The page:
In this movie, we'll put the finishing touches on our composition, and I'll show you how to turn a layer into a floating knockout that cuts holes in the layers below it. So the first thing I am going to do is turn on the features layer here in order to bring in the eyes, and these cartoon hands. Now, I want to create the effect of the shadow being cast onto the dinosaur, so I'll make sure the hadrosaur layer is selected, and then I'll drop down to the fx icon, and I'll choose neither Drop Shadow, nor Inner Shadow, but rather Gradient Overlay, which is great for creating shadows that look like they were cast not by the layer, but onto the layer.
All right. The first thing I am going to do here, assuming default settings, is change the blend mode from Normal to Multiply, so that we drop out the whites, and we keep the blacks, and we turn the entire gradient into one big shadow. Then I want the shadow to go at a different angle, so we'll go ahead and drag this angle line until I get an angle of -146 degrees, meaning that the shadow is going down and to the left. The shadow is too opaque at this point, so I'll reduce the Opacity value to 70% in order to achieve the effect you see in the video.
Now I'll press the Enter key, or the Return key in the Mac, in order to accept that change, and you can see that really does a great job of integrating the dinosaur into the scene. So if I click the eyeball in front of Effects, this is the untreated version of the dinosaur skeleton, and then if I turn the Effects back on, this is what it looks like now. Finally, I've got this caption group. I'll go ahead and turn it on, and you can see that it contains some, you know, evil dinosaur dialog, but rather than having these hand-drawn letters appear white, I want to cut a hole through the layer in back of the letters to reveal the Earth in the background.
So I'll go ahead and twirl open the caption layer, and I'll click on the text layer to make it active, and I'll go ahead and zoom in on that text as well, so I can better see what I'm doing. And here is how you turn any layer into a hole: you go ahead and click on an empty portion of that layer to bring up the Layer Style dialog box, and then you'll see this option called Knockout. You can set it to either Shallow, or you can set it to Deep, but it's not going to make any difference at first, because it's entirely reliant upon the invisibility of the layer, and the easiest way to make the layer invisible is to reduce the Fill Opacity.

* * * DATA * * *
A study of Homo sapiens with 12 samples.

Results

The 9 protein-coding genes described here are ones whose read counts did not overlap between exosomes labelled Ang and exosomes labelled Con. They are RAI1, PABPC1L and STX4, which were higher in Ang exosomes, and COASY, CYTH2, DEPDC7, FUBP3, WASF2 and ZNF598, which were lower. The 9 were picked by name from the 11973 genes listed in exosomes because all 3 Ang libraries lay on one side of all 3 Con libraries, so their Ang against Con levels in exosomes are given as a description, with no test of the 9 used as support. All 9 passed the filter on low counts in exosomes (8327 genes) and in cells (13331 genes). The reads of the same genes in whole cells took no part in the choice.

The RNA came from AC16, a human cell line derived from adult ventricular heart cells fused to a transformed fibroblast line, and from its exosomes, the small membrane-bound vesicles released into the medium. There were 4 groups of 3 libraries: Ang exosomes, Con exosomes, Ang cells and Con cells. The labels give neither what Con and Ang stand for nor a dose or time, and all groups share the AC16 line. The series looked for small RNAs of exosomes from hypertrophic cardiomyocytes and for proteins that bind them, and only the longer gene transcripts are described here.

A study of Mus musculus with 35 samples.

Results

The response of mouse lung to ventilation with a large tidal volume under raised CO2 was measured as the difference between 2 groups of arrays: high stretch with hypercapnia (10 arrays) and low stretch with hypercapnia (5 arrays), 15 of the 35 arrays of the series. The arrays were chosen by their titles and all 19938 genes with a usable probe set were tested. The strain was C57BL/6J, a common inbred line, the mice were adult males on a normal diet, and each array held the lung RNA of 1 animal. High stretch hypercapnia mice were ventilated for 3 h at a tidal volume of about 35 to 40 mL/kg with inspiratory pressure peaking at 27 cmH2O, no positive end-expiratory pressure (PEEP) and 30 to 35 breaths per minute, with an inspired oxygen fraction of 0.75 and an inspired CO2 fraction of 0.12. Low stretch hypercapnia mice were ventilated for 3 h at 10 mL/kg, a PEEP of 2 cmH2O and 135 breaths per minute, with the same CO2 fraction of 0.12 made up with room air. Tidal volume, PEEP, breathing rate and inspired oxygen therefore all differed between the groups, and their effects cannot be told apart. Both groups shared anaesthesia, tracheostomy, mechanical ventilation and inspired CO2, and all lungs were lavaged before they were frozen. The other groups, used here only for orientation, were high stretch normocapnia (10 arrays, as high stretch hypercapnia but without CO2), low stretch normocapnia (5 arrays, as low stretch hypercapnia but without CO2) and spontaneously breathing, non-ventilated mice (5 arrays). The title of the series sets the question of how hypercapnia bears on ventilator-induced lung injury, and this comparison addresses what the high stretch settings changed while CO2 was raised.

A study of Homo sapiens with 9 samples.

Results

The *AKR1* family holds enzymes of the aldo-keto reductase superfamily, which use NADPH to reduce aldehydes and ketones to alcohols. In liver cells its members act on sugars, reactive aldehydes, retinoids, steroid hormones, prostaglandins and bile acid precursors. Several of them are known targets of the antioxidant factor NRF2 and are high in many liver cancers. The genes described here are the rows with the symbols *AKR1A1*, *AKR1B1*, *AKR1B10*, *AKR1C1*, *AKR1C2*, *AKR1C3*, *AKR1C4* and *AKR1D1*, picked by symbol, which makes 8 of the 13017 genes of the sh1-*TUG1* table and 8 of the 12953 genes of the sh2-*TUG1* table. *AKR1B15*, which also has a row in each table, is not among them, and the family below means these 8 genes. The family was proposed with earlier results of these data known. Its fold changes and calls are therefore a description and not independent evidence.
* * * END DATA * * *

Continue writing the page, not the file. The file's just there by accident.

So I'll go ahead and take that Fill Opacity down to 0%, and you can see that we are now using the letters to cut a hole. Problem is, we are cutting a very deep hole. Well, what does that mean? I'll go ahead and show you by clicking OK, and scrolling down the list. We are cutting a hole all the way down the stack to the background image, and if I Alt+click or Option+click on the eyeball in front of the Background, you can see that it's just a synthetic star field set against a black background. I'll go ahead and Alt+click or Option+click again to bring back the other layers, and that's why we're seeing mostly black letters with a few white dots, which are the stars.
Now, if I were to double-click on the Background in order to convert it to an independent layer, and I'll call it stars, for example, and click OK, then I'd be cutting through that layer as well, all the way down to checkerboard transparency. So I am revealing nothingness essentially, which is not what I want. If I just want to cut through this backcard layer, then I'd select the text layer again, double-click on an empty portion of that layer to bring up the Layer Style dialog box, and I change the Knockout setting from Deep to Shallow, and that goes ahead and reveals the yellow, and the blues, by the way, of the Earth and the background.
So the trick is to set the Fill Opacity value to 0%, and in most cases, set Knockout to Shallow. Now, the reason knockout is working for us is because we're working inside of a group. So your layers have to be part of a group in order for this technique to work. If I were to select the group, and then press Control+Shift+G, or Command+Shift+G on the Mac, in order to ungroup those layers, then the text, once again, goes ahead and cuts all the way through to the background. We don't have a background, so it's revealing the checkerboard transparency. So if you want to contain a Knockout effect that's set to Shallow, then you need to select the Knockout layer, as well as the layers that you want to cut holes in, and then you'd go up to the Layers panel flyout menu, and then choose New Group from Layers, and I'll call this group caption, and then click OK, and we have the knockout that we're looking for. All right gang! We'll go ahead and press Shift+F in order to switch to full screen mode, and then press Control+0 to center my zoom, and this is the final version of the composition, begun with the Color Range command, finessed in the Quick Mask mode, and ultimately perfected as a layer mask here inside Photoshop.